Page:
IEEJ: ASEAN Spotlighted in Global Energy Supply-and-demand Outlook to 2040

On October 21, the Institute of Energy Economics, Japan (IEEJ) released its global energy supply-and-demand outlook through 2040. According to that, total energy consumption will increase from 13,699 million tons-oil-equivalent (Mtoe) in 2014 to 18,904Mtoe in 2040. The increase of 5,205Mtoe is equivalent to the combined consumption of the United States and China, the two largest consumers of energy in the world. The 2040 figure will also mark a doubling of global energy consumption in the half century since 1990.

The increase overwhelmingly stems from countries outside the Organisation for Economic Co-operation and Development (OECD). The combined increases of China (1,213Mtoe), India (939Mtoe) and the Association of Southeast Asian Nations (ASEAN) (728Mtoe)—all non-OECD—will reach 2,879Mtoe, equivalent to more than six years’ worth of Japan’s current consumption.

The huge new demand will be met primarily by fossil fuels, mainly natural gas and oil, which, IEEJ says, will still provide 78 percent of humanity’s energy in 2040. As a result of increasing oil consumption and diversifying uses for natural gas, coal consumption is declining globally, yet in ASEAN, dependence on coal is on the rise. IEEJ thus sends a note of warning, suggesting that more practical measures for climate change issues are required.

Power consumption will continue to increase worldwide, remarkably so in non-OECD countries. The greatest increases to 2040 will be seen, in order, in China, India, the United States, the EU and Indonesia. It is predicted that China will remain the world’s largest power consumer, with India third after the United States, exceeding the EU and Japan.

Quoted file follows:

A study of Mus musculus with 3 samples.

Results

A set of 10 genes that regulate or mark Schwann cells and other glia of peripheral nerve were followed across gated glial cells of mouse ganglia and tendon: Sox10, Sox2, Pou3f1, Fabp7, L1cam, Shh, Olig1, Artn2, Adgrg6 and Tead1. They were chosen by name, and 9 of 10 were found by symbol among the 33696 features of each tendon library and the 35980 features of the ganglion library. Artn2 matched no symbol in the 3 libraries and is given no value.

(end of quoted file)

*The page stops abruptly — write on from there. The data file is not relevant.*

As for nuclear power, electricity from that source will increase from 2,535TWh in 2014 to 4,357TWh in 2040, while its percentage of total global electricity generation will be unchanged from the current level of eleven percent. Installed capacity will decrease in eight countries and regions, including Germany and Japan, but will nevertheless grow from 399GW in 2015 to 612GW in 2040 as a result of introduction of nuclear power in fourteen countries and construction and expansion in eighteen.

In its outlook for future energy supply and demand, IEEJ focuses on ASEAN as the driving force behind rising global demand in the next three decades and more, as a result of economic growth and increasing populations in its member countries. IEEJ is particularly concerned about the sharp rise in power demand, increasing dependence on coal, and a shift to energy-importer status for the region by 2030.

When it comes to nuclear power in Southeast Asia, a total of 16GW of capacity will be introduced in Thailand, Vietnam, Indonesia and Malaysia from 2025 and thereafter, but will still account for only four percent of the region’s power-source composition in 2040.

Analysis shows that primary energy consumption in ASEAN will increase from 624Mtoe in 2014 to 1,352Mtoe in 2040, growing three percent annually. Its dependence on fossil fuels, meanwhile, will increase from 74 percent in 2014 to 77 percent in 2040. Lastly, its consumption of coal, oil and natural gas will be higher by factors of 3.5, 1.9 and 2.0, respectively, in 2040, compared with levels in 2014.